Dougco considers buying pallet shelters

Dougco considers buying pallet shelters


A final vote is still needed at a future meeting. If approved, 17 shelters would be purchased. No location has been decided.

DOUGLAS COUNTY, Colo. — At a June 13 work session, Douglas County Commissioners voted to direct staff to pursue the purchase of 17 pallet shelters.

A final vote on the purchase would come at a later meeting, according to a Douglas County spokesperson, because the cost of the purchase would exceed $100,000.

The pallet shelters are small spaces to sleep, with heating and air conditioning, among other features. 

Aurora already uses the shelters. In November, they installed 30 outside of the city’s Salvation Army location. They can each sleep up to two people.

RELATED: Aurora is first in Metro Area to introduce pallet shelters

“We realize that there’s no instant silver bullet to solve homelessness, but we think we can get pretty close to functional zero if we address this early,” Republican Douglas County Commissioner Abe Laydon told 9NEWS Tuesday.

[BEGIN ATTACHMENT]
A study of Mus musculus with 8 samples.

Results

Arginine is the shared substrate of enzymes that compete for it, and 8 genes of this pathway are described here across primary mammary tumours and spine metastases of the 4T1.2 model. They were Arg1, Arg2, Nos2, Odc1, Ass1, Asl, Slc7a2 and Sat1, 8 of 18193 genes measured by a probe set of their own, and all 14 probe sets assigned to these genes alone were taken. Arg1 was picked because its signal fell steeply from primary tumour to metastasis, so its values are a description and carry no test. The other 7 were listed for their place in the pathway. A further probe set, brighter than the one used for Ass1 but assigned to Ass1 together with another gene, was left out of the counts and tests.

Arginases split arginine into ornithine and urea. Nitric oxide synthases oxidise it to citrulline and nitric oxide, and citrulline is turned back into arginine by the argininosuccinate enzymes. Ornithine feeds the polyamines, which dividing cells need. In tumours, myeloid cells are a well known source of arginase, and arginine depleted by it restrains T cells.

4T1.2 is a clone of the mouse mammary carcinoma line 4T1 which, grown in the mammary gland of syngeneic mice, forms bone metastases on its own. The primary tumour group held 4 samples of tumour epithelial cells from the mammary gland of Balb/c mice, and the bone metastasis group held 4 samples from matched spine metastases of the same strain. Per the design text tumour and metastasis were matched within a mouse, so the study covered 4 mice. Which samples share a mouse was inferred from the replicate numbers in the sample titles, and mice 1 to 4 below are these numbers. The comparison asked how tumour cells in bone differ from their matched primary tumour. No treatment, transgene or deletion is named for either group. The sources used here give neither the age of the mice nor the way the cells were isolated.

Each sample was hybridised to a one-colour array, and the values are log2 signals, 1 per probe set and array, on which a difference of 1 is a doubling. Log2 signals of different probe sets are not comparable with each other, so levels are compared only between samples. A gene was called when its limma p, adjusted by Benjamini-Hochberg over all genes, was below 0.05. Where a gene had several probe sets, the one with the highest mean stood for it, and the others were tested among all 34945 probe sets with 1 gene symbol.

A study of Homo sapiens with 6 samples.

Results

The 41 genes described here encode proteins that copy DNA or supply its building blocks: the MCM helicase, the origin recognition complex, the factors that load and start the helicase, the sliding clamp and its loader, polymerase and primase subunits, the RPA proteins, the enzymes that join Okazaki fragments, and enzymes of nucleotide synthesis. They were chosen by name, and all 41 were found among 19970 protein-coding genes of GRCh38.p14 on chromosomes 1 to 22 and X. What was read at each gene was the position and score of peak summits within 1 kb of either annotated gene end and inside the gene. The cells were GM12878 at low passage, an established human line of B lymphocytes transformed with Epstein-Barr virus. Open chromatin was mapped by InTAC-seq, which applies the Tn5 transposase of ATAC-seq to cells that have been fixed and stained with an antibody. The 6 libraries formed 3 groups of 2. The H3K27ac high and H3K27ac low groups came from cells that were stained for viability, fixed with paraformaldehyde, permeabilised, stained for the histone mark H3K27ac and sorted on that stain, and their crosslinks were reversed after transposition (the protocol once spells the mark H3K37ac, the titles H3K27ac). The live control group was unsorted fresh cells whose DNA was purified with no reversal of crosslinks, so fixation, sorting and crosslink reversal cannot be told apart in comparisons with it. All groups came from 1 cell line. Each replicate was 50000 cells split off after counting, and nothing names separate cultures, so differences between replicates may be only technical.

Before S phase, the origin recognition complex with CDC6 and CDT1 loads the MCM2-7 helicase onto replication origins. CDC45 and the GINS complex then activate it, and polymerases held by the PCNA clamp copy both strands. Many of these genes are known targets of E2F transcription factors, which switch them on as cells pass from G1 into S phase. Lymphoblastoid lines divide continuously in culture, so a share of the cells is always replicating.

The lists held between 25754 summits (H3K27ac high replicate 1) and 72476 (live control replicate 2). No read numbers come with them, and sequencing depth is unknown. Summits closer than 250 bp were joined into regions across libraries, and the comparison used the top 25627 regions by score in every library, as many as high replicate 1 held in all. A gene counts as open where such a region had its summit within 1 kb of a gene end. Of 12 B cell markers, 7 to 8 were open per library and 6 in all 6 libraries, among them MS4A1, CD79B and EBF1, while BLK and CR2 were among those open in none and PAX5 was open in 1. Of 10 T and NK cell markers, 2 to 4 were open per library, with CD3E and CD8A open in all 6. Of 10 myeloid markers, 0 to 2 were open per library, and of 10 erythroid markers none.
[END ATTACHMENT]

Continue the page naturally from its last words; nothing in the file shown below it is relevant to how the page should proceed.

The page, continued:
Laydon said the number of people experiencing homelessness in his district has increased. 

In February, the Douglas County Homeless Initiative reported that 72 people were experiencing homelessness. That data was from a Point In Time count on Jan. 24.

A Point In Time Count counts the number of people experiencing homelessness on one night. 

Right now, the county does not allow camping on county-owned property, including in their parks and open spaces. Individual cities and towns have their own regulations. 

Commissioners voted 2-1 in favor of pursuit of the purchase, with Republican Commissioner Lora Thomas voting in opposition. 

“We’re not ready to do this,” Thomas said on June 13.

There is no location yet for where the pallet shelters could go if the purchase is finalized. 

The Mayor of Castle Rock wrote a letter to the commissioners on behalf of the Town Council in May, saying they’re opposed to a shelter site being in the town. 

“The potential negative downsides to a shelter may outweigh the current concerns,” the letter reads in part. “Any discussion of a shelter should involve any potential host community and impacted neighborhoods and citizens.”

On June 22, the county will host a town hall for residents to provide feedback on how to handle the issue of homelessness.